Dr. Angela E. Arzubiaga, Associate Professor, School of Social Transformation
Beyond Child Migrants’ Immigration Proceedings: Institutional Practices and Impacts on Asylum-Seeking Youth
The project consists of the implementation of a pilot study exploring how immigration court proceedings become sites of contestation for migrant youth in the Arizona-Sonora region and how their experiences with legal and court systems shape what it means to belong. This research will employ a multi-disciplinary methodology that includes Institutional Ethnography bolstered by an activity theoretical framework, and cultural historical CHAT lens. It will be accomplished by examining asylum proceedings and conducting interviews with four youth in the U.S. and Mexico. The results of this study will inform a grant application aimed to improve and inform stakeholders on asylum seeking procedures.
Dr. Flavio F. Marsiglia, Regents’ Professor, School of Social Work & Director of the Global Center for Applied Health Research
Impacts of anti-immigrant sentiments on adolescent wellbeing in the Arizona-Sonora border region
The project goals of this research study are to explore the impact of anti-immigration sentiment, policies, and violence on migrant adolescents in both Nogales, Sonora and Nogales, Arizona, non-migrants in Nogales, Arizona, and recent deportees residing in Nogales, Sonora. As well as, explore the positive and negative coping strategies employed by these adolescents as a result of their experiences with anti-immigrant sentiment, policies, and violence; and to assess how these experiences and coping strategies affects the mental health and wellbeing of adolescents on the Arizona-Sonora border.
Dr. Sonia Vega-López, Associate Professor, College of Health Solutions
Effects of the immigration process on lifestyle, environmental and biological factors that influence chronic disease risk among Mexican women in the Arizona-Sonora border
This research cluster is conducting a cross-sectional assessment of the diet and lifestyle, environmental and biological factors derived from having migrated to the US that affect the risk for developing obesity, stress, and risk for cardio-metabolic diseases in Mexican women residing in Phoenix, Arizona, and comparing them to those of Mexican women living in Hermosillo, Sonora. Based on findings from this initial work, the cluster will seek funding to expand the scope of subsequent work. With the support of PTC, the cluster will continue working on the funded project, dedicate time to start the data analysis process, and work on a grant proposal to seek funds to continue this collaborative line of work.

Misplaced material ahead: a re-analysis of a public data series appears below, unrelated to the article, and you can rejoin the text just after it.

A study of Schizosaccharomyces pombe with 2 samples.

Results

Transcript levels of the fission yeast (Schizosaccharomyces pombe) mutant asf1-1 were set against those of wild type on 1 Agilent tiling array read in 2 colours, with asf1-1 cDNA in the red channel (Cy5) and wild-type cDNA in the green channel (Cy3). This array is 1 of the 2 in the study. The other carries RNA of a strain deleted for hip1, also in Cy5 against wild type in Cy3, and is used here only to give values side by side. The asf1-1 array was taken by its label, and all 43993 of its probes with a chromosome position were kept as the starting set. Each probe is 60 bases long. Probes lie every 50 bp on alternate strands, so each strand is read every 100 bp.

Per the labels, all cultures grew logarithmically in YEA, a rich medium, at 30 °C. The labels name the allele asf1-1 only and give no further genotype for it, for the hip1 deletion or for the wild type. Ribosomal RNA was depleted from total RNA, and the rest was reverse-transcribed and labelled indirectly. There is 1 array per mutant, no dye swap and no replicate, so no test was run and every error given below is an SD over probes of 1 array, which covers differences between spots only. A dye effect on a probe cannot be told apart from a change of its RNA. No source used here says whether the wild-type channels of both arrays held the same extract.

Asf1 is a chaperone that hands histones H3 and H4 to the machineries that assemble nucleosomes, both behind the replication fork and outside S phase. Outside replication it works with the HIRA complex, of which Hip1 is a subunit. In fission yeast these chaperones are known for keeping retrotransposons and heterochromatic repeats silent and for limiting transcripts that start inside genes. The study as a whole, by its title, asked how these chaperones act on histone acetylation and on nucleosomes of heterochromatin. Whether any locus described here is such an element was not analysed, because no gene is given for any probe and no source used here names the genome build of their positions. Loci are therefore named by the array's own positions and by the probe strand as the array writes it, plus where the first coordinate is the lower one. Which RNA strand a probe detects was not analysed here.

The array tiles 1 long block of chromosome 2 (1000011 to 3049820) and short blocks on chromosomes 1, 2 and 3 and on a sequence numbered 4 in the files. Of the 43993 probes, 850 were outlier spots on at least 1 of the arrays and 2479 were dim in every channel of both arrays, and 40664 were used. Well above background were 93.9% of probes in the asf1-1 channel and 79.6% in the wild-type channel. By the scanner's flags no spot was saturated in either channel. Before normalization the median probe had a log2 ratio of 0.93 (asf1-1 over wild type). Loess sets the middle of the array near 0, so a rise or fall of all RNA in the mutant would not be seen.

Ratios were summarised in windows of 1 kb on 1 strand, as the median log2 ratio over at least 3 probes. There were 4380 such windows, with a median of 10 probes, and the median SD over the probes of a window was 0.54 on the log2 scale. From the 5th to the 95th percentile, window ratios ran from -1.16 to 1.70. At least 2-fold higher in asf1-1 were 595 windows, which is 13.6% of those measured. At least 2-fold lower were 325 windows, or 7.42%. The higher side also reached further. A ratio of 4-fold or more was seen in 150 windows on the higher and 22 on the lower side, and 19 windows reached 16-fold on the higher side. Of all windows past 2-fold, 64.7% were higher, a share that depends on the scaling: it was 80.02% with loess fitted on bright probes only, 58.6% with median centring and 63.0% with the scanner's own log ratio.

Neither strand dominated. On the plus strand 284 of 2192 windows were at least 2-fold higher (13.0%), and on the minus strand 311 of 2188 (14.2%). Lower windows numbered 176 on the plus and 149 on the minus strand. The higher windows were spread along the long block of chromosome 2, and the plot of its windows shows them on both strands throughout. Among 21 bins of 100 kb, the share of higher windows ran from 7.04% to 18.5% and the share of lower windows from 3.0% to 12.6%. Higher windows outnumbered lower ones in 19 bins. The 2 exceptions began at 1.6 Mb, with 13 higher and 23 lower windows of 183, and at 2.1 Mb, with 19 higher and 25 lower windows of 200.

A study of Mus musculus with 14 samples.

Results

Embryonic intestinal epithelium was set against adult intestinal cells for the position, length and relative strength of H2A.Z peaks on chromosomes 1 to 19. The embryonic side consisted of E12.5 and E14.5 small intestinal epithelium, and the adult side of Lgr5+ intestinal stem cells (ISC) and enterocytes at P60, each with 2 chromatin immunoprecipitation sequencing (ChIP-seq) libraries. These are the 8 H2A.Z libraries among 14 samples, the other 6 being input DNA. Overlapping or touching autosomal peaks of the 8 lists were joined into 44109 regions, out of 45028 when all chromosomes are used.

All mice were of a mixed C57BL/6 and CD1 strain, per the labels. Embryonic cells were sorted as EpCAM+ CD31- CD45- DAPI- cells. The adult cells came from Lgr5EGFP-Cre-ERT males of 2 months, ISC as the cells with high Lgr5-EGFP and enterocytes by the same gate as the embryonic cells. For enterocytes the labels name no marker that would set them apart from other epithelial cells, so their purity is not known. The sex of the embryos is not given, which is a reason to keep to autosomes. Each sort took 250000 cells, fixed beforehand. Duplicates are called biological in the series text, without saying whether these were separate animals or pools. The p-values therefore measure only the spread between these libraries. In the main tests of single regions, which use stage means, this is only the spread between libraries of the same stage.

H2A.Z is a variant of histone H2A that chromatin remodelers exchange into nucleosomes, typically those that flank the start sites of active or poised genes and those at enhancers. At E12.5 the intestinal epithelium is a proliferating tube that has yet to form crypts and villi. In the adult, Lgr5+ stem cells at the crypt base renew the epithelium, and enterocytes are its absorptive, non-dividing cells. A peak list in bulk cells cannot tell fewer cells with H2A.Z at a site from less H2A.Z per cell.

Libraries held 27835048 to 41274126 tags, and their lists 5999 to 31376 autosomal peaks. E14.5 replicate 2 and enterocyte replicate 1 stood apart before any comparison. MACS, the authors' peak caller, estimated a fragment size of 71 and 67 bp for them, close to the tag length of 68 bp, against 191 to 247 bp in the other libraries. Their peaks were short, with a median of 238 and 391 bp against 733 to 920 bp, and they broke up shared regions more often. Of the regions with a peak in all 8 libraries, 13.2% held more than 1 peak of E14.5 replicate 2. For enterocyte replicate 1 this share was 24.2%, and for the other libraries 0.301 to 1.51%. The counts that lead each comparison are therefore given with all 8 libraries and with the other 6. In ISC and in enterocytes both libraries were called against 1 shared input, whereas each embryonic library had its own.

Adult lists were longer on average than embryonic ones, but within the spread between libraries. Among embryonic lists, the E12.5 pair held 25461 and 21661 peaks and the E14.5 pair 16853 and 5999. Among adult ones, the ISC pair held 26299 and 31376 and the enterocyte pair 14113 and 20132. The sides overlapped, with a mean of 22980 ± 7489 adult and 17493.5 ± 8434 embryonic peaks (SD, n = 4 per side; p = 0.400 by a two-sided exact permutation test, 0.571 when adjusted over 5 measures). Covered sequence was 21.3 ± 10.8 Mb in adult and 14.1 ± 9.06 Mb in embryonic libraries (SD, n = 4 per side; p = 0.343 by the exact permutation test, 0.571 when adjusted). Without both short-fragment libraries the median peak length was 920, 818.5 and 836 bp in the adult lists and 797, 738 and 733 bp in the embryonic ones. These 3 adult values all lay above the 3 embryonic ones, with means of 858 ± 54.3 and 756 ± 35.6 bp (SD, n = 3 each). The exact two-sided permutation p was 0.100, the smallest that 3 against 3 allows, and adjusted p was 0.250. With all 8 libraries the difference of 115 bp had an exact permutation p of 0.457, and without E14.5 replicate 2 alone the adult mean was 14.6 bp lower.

Individual research seed grants are platforms to support and enhance existing faculty expertise and/or to examine the changing needs and growing cultural, political, environmental, and economic influence of Latinos/as and transborder communities in the US-Mexico borderlands. Ultimately, individual research grant recipients are expected to contribute to the development of a collective and sustainable research program on transborder studies by initiating projects that have good prospects of obtaining external funding.
Dr. Rudy P. Guevarra, Jr., Associate Professor, School of Social Transformation
Aloha Compadre: Latinxs in Hawaiʻi, 1832-2010
Aloha Compadre examines the historical, cultural and economic contributions, as well as the representations of the Latinx population in Hawaiʻi, with a specific focus on Mexicans, Central Americans and Puerto Ricans. This individual research project seeks to explore new boundaries of Latinx migration beyond the western hemisphere, as well as the complexities of interracial relationships and multiplicity in Hawaiʻi, as demographic changes are transforming the political, social, economic and cultural landscape of the state. Unearthing these histories and contemporary interracial relationships forged from these migrations and identity formations guide the larger goals for this project, which include how race, ethnicity and indigeneity are being rearticulated in diasporic sites such as Hawai’i; and, conceptually redefining and expanding the borderlands to include aquatic regions like Oceania.
Dr. Michael G. Stancliff, Associate Professor, School of Humanities, Arts and Cultural Studies
Esperanza en acción (Hope Works)
Esperanza en acción is an action-research project centered on the creation of a multi-use community and residential center in the Arizona-Sonora border. The center will be transitional housing (approximately one to three months) for deported migrants and migrants in transit who wish to stay in Nogales, Mexico in the short term or permanently. In addition to living quarters and meals, guests will receive support obtaining the necessary documents for repatriation (or in the case of Central American and other non-citizens, a work permit) and other documents necessary to live and work in Mexico. In addition to providing transitional housing and driving economic development, Esperanza en acción will be a center of technical, economic, and humanistic research and learning.
For specific questions about PTC Seed Grants please email email@example.com.